Tuesday, April 26, 2011

When I Heard at the Close of Day

"When I Heard at the Close of Day"
by Walt Whitman
from Leaves of Grass (1892)

When I heard at the close of the day how my name had been receiv’d with plaudits in the capitol, still it was not a happy night for me that follow’d;
And else, when I carous’d, or when my plans were accomplish’d, still I was not happy.
But the day when I rose at dawn from the bed of perfect health, refresh’d, singing, inhaling the ripe breath of autumn,
When I saw the full moon in the west grow pale and disappear in the morning light,
When I wander’d alone over the beach, and undressing, bathed, laughing with the cool waters, and saw the sun rise,         
And when I thought how my dear friend, my lover, was on his way coming, O then I was happy.
O then each breath tasted sweeter, and all that day my food nourish’d me more, and the beautiful day pass’d well,
And the next came with equal joy, and with the next, at evening, came my friend,
And that night, while all was still, I heard the waters roll slowly continually up the shores,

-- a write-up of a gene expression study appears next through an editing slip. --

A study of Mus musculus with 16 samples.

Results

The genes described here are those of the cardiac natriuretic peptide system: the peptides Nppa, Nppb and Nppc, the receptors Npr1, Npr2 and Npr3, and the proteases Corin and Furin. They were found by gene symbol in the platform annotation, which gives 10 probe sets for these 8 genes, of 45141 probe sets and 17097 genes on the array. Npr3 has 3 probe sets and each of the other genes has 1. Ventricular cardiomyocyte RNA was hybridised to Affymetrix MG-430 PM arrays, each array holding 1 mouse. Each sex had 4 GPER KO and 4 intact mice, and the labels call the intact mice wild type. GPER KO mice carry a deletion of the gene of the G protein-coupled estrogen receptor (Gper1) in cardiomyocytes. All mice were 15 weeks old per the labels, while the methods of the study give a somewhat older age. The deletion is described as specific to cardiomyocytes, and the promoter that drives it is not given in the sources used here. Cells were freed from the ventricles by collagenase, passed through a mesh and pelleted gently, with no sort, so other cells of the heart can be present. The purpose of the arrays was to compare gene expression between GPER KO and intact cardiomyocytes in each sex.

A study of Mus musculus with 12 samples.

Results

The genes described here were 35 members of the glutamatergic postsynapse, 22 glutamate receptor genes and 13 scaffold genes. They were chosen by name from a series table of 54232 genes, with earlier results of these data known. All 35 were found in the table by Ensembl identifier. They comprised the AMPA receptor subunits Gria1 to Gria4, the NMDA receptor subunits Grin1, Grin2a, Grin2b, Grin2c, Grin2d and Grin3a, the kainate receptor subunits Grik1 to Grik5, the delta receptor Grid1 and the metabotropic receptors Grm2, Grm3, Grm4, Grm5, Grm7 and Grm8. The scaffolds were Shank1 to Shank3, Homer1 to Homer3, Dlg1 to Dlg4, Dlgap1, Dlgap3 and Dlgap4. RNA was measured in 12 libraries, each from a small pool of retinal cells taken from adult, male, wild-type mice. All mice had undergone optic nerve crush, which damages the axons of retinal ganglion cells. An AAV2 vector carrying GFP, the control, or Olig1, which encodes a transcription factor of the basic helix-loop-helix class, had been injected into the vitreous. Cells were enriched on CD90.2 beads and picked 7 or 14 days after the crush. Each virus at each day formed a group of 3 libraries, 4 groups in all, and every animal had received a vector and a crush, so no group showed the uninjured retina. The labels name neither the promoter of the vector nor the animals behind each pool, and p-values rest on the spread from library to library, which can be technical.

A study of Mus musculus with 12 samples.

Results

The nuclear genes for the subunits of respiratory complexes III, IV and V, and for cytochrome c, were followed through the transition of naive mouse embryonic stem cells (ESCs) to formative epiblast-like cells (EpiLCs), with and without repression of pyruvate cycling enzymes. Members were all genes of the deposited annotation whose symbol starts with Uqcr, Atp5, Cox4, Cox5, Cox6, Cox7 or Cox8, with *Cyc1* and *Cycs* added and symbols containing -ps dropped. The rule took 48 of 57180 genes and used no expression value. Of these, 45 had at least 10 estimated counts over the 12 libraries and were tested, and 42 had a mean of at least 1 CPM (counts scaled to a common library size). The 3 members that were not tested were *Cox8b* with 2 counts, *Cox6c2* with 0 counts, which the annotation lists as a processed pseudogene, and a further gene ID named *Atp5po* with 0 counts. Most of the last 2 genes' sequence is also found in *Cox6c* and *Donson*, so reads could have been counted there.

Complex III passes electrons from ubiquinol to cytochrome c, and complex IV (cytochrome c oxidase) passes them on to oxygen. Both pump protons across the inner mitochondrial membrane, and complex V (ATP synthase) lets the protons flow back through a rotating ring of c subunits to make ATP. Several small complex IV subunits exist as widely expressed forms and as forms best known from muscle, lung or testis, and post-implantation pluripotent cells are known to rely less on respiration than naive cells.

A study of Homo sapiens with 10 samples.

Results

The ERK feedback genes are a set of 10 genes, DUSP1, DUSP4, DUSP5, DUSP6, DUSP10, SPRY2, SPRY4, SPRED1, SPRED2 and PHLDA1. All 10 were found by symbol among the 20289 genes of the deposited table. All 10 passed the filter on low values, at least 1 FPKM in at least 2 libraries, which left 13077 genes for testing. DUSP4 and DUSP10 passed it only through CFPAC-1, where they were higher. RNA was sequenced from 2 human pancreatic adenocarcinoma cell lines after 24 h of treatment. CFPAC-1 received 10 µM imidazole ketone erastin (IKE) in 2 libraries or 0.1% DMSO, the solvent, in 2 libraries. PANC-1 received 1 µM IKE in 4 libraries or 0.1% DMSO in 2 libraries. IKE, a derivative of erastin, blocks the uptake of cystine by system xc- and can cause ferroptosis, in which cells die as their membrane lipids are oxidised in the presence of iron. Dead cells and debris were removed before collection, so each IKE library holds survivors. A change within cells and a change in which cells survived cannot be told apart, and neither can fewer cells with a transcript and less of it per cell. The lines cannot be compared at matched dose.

I heard the hissing rustle of the liquid and sands as directed to me, whispering, to congratulate me,  
For the one I love most lay sleeping by me under the same cover in the cool night,
In the stillness, in the autumn moonbeams, his face was inclined toward me,
And his arm lay lightly around my breast - and that night I was happy.

About three weeks ago, I dedicated my first Transcendentalist blog post to Thoreau and Walden.  Today it's Walt Whitman and his marvelous poetry collection Leaves of Grass.  Originally published in 1855 with only twelve unnamed poems, Whitman intended for the book to be small enough to carry in one's pocket.  It was expanded by Whitman about eight times during his lifetime until the final "deathbed" edition, published in 1892 two months before his death, which contains nearly 400 poems.  Nestled among this hefty volume of poetry is this beautiful expression of love ... I hope one day to feel this again.